Artie: “A little while ago, you linked us to an excellent article by Michael Arnovitz about Hillary Clinton. I forwarded it to a number of friends, and now he’s posted another, in part responding to feedback he had received. Like the original article, this one is both long and excellent. If you have not already seen it, here is the link.”
From the first:
. . .the claim that Hillary is innately dishonest is simply accepted as a given. It is an accusation and conviction so ingrained in the conversation about her that any attempt to even question it is often met with shock. And yet here’s the thing: it’s not actually true. Politifact, the Pulitzer prize-winning fact-checking project, determined for example that Hillary was actually the most truthful candidate (of either Party) in the 2016 election season. And in general Politifact has determined that Hillary is more honest than most (but not all) politicians they have tracked over the years. . . .
From this second one:
. . . the beginning of my real education was the acceptance that many of the things I already knew I didn’t really know at all. And that’s a lesson I’ve tried never to forget. . . . For example, did you know that Elizabeth Warren was actually a Republican until she was well into her 40’s, and that the main reason she switched parties was because she no longer believed that the GOP was “principled in its conservative approach to economics and to markets?” No? Follow-up question: does that sound a little different than the progressive warrior you created in your mind? Yes? Well, people are complicated, and maybe you don’t know Senator Warren quite as well as you think you do. . . .
. . . take it from me, when you write a piece about Hillary Clinton you get a lot of people who are very excited to tell you she is awful, but considerably less interested in showing you how they know that. Indeed, the vast majority of the anti-Hillary commentariat function as if their accusations and conclusions are simply self-evident. For all of those people however, let me point out a general rule of thumb: the only thing truly evident about people who think that their positions are self-evident is their own intellectual laziness. . . .
. . . the right have essentially blamed everything on immigrants and brown people, and the left have blamed everything on bankers and rich people. Both of these positions are ridiculous and juvenile. And unfortunately, they are also dangerous. But they have the advantage of being simple. And for a depressingly large slice of the electorate, that’s what works.
. . . The antidote to this poison is not greater “purity” of doctrine, it’s not a demand for all-or-nothing policy positions and it’s certainly not a surrender to fear and anger. The cure is reason and pragmatism. And if it’s possible to propose a political stand that’s less sexy than that I can’t imagine what it is. But the truth is that politics isn’t actually sexy, and it doesn’t really look like an Oliver Stone movie. Usually it looks more like C-Span. Real politics is “the art of the possible”, which is a fancy Prussian way of saying you’re going to have to compromise. For years an increasing number of conservatives have insisted that compromise is a dirty word, a public display of submission, capitulation or even betrayal. But actually it’s just standard, competent governance. And the inability to acknowledge that is one of the key reasons the GOP can now barely function. Democrats and others on the left do ourselves no favors by following that lead. . . .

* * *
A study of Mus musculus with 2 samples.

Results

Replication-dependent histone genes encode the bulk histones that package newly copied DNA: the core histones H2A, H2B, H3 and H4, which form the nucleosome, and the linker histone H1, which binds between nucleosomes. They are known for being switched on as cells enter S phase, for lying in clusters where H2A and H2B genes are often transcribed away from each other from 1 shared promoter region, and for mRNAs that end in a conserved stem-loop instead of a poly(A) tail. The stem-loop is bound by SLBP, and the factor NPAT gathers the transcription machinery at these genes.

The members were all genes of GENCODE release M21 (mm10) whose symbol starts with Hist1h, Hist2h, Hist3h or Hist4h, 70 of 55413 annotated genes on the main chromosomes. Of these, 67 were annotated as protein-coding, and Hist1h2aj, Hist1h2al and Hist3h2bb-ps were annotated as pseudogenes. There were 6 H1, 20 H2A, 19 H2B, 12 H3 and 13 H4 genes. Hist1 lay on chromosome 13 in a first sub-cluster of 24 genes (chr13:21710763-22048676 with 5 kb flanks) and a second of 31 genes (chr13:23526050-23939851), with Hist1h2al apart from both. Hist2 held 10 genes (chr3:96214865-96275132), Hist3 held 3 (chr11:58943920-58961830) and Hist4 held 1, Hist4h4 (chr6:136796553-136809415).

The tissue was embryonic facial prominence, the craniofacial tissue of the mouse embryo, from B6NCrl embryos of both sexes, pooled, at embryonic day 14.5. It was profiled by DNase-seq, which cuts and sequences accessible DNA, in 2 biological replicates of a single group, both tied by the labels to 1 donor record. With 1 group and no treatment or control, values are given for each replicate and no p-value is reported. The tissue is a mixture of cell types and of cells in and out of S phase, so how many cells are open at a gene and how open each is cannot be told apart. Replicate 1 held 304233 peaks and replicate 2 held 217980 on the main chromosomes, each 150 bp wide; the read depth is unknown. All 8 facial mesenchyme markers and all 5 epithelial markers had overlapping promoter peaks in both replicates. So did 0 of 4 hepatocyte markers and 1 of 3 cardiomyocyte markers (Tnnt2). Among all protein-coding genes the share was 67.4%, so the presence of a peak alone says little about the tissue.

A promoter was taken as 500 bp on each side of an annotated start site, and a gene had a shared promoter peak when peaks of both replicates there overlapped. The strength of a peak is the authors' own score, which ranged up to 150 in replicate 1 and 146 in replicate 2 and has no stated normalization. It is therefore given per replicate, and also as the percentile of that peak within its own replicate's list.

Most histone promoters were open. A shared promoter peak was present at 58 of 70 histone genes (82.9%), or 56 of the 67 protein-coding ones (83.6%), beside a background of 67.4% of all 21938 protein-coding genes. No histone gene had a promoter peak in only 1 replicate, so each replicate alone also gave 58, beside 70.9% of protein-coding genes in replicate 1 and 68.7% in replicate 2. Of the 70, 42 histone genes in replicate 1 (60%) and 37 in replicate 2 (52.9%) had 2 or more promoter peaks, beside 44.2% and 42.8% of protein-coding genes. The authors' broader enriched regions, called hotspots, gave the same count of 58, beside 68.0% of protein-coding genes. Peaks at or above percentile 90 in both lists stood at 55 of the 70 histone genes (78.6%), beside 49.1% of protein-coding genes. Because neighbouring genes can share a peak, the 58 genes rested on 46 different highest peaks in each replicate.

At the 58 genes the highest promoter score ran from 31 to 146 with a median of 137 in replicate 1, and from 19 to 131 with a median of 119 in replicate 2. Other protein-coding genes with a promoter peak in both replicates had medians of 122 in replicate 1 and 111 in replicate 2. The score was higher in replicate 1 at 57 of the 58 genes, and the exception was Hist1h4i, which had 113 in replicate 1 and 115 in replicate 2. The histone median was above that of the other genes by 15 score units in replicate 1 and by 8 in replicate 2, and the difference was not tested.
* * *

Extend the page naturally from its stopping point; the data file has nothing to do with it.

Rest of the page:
Try to find time to read this piece (and the first one!). You will learn a lot. I did. For example: Hillary’s years on the Wal-Mart board. That’s a paragraph we should all read. And the fracking issue we should all be concerned about.
Indeed, there is so much wisdom and good sense (and humor) in Arnovitz’s post, all thinking citizens should read it, whether on the left (well, especially they) or the right.
And yes, I am sending him a cheesecake.
Jim Burt: “Much of the Clinton e-mail kerfuffle concerns three e-mails [out of tens of thousands] which lacked classification headers but which had a “C” in parentheses in the text denoting that parts were classified. In an ASCII text message, a ‘C’ in parentheses looks like this: (c). But in differently coded text messages, a ‘C’ in parentheses looks like this: © . The latter just indicates copyright. And even the former indicates copyright, rather than classification, to people outside the corridors in which classified information is routinely handled.”
No one is saying the home server was a good idea. But here is an extensive discussion of the issue. Needless to say, it’s not nearly the disaster Congressional Republicans — who’ve held eight Benghazi hearings — would have the country think. Ignoring climate change is a potentially existential disaster. Delaying Zika funding could prove a disaster. Blocking the American Jobs Act that would have put millions to work revitalizing our infrastructure was all but treasonous. The three emails with (c) designations someplace in the text? A concern, for sure, but hardly a disaster. Nor something on which the course of history should turn, if we have any regard for our own self-interest as a nation.
Quote of the Day
Panics do not destroy capital; they merely reveal the extent to which it has been previously destroyed by its betrayal into hopelessly unproductive works.~John Stuart Mill, 1867 (Like shopping centers in the middle of the desert. Or millions of pages of legal documents.)